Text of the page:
I usually don’t get fancy, but when I do, I prefer French custards *World’s Greatest Man voice*. These custards seem hard, but in my opinion, they are much easier to make than custard-based ice creams because they don’t have all of the steps or the variables. Trust me, if you want to start from ground zero with custard making, I suggest chocolate pot de crème.
Custards utilize the proteins in eggs to create a smooth, gel like pudding structure. Egg proteins are denatured in the baking process to allow for different protein bonds to form (coagulation) that would not naturally occur. These new protein bonds trap the cream, milk, and chocolate in a protein matrix creating a thick, rich product.
Problems arise, however, because the temperature difference between protein coagulation and protein curdling are extraordinarily close. The first time that curdling becomes a possibility is upon pouring the cream mixture into the egg yolk. To avoid this, a small amount of the cream is whisked into the egg yolk. Continue whisking the cream into the egg yolks, slowly, until about 1/3 of the cream is incorporated. Then slowly whisk the egg yolk mixture back into the main body of cream.
The second time protein curdling becomes a possibility is when baked. For this reason, a bane-marie (water bath) is used to cook the custard. Pure water is unable to rise about 212 degrees F (100 degrees C) before it turns into a gas (steam). The bane-marie utilizes this physical principle to cook the custard at a constant temperature of 212F. This technique allows a slow, controlled cooking speed which is essential for avoiding curdling. Covering the ramekins or mugs with aluminum foil further prevents unwanted heat from the oven from penetrating the custard.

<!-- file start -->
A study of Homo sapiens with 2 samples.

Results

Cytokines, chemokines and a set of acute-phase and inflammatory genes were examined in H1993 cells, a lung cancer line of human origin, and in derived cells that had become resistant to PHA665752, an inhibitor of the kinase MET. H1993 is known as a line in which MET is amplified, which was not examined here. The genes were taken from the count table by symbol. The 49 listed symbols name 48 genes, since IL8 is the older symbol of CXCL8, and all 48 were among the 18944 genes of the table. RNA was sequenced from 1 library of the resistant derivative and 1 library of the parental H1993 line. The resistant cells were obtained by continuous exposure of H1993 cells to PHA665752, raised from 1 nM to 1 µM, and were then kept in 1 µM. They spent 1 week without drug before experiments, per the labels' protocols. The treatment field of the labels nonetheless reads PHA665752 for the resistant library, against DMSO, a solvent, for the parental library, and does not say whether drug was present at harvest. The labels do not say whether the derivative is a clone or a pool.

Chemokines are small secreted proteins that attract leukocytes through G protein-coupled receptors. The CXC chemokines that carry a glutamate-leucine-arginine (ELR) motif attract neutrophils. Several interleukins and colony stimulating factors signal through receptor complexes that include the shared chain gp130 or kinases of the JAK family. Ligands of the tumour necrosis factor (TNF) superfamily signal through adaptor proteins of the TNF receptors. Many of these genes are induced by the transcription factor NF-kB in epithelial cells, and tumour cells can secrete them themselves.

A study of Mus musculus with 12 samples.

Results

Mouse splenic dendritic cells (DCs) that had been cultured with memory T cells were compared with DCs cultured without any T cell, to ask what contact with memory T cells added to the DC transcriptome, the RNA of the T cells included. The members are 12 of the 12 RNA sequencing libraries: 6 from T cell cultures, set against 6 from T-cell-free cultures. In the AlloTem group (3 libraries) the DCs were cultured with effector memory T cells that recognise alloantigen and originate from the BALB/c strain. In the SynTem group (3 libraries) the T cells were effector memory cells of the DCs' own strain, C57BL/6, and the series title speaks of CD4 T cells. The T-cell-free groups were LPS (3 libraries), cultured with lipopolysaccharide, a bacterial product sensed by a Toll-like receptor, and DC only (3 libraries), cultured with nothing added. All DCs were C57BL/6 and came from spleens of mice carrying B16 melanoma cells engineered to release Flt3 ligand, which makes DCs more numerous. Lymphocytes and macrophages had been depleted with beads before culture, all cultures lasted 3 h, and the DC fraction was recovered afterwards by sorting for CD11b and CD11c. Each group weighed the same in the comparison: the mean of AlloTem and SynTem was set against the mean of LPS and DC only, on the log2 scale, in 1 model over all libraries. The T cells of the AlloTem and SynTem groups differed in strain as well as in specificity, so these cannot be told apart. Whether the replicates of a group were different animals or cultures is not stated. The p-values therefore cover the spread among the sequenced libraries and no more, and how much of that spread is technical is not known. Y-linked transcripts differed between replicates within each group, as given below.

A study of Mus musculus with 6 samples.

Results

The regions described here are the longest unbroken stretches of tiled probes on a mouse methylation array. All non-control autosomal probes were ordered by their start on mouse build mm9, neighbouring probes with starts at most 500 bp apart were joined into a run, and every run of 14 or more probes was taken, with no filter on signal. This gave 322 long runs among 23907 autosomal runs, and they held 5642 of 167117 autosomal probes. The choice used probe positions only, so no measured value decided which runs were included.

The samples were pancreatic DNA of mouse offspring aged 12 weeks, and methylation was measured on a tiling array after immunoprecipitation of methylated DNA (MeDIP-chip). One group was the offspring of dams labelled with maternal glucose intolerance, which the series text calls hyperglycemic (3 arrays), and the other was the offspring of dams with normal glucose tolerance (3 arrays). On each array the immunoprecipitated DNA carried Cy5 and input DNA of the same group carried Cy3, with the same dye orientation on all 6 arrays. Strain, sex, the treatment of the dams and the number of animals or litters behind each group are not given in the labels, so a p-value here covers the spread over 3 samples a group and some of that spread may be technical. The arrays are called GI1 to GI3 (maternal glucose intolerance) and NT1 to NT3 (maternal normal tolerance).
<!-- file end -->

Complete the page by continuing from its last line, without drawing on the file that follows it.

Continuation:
2 cups whipping cream
1 cup whole milk
½ tsp vanilla
Pinch of salt
5 ounces bittersweet (not unsweetened) or semisweet chocolate, chopped
5 large egg yolks
1/3 cup sugar
- Preheat oven to 325°F. Bring cream and milk just to simmer in heavy medium saucepan over medium heat. Remove from heat. Add chocolate; whisk until melted and smooth.
- Whisk yolks and sugar in large bowl to blend. Slowly whisk in 1/3 of hot chocolate mixture. Then slowly whisk the egg yolk mixture into the main hot chocolate pot.
- Strain mixture into another bowl. Cool 10 minutes, skimming any foam from surface.
- Divide custard mixture among six 3/4-cup custard cups or soufflé dishes. Cover each with foil. Place cups in large baking pan. Add enough hot water to pan to come halfway up sides of cups. Bake until custards are set but centers still move slightly when gently shaken, about 45 minutes (oven temperatures vary so begin to check on pot de crèmes after 30 minutes have passed).
- Remove from water. Remove foil. Chill custards until cold, about 3 hours. (Can be made 2 days ahead. Cover and keep chilled.)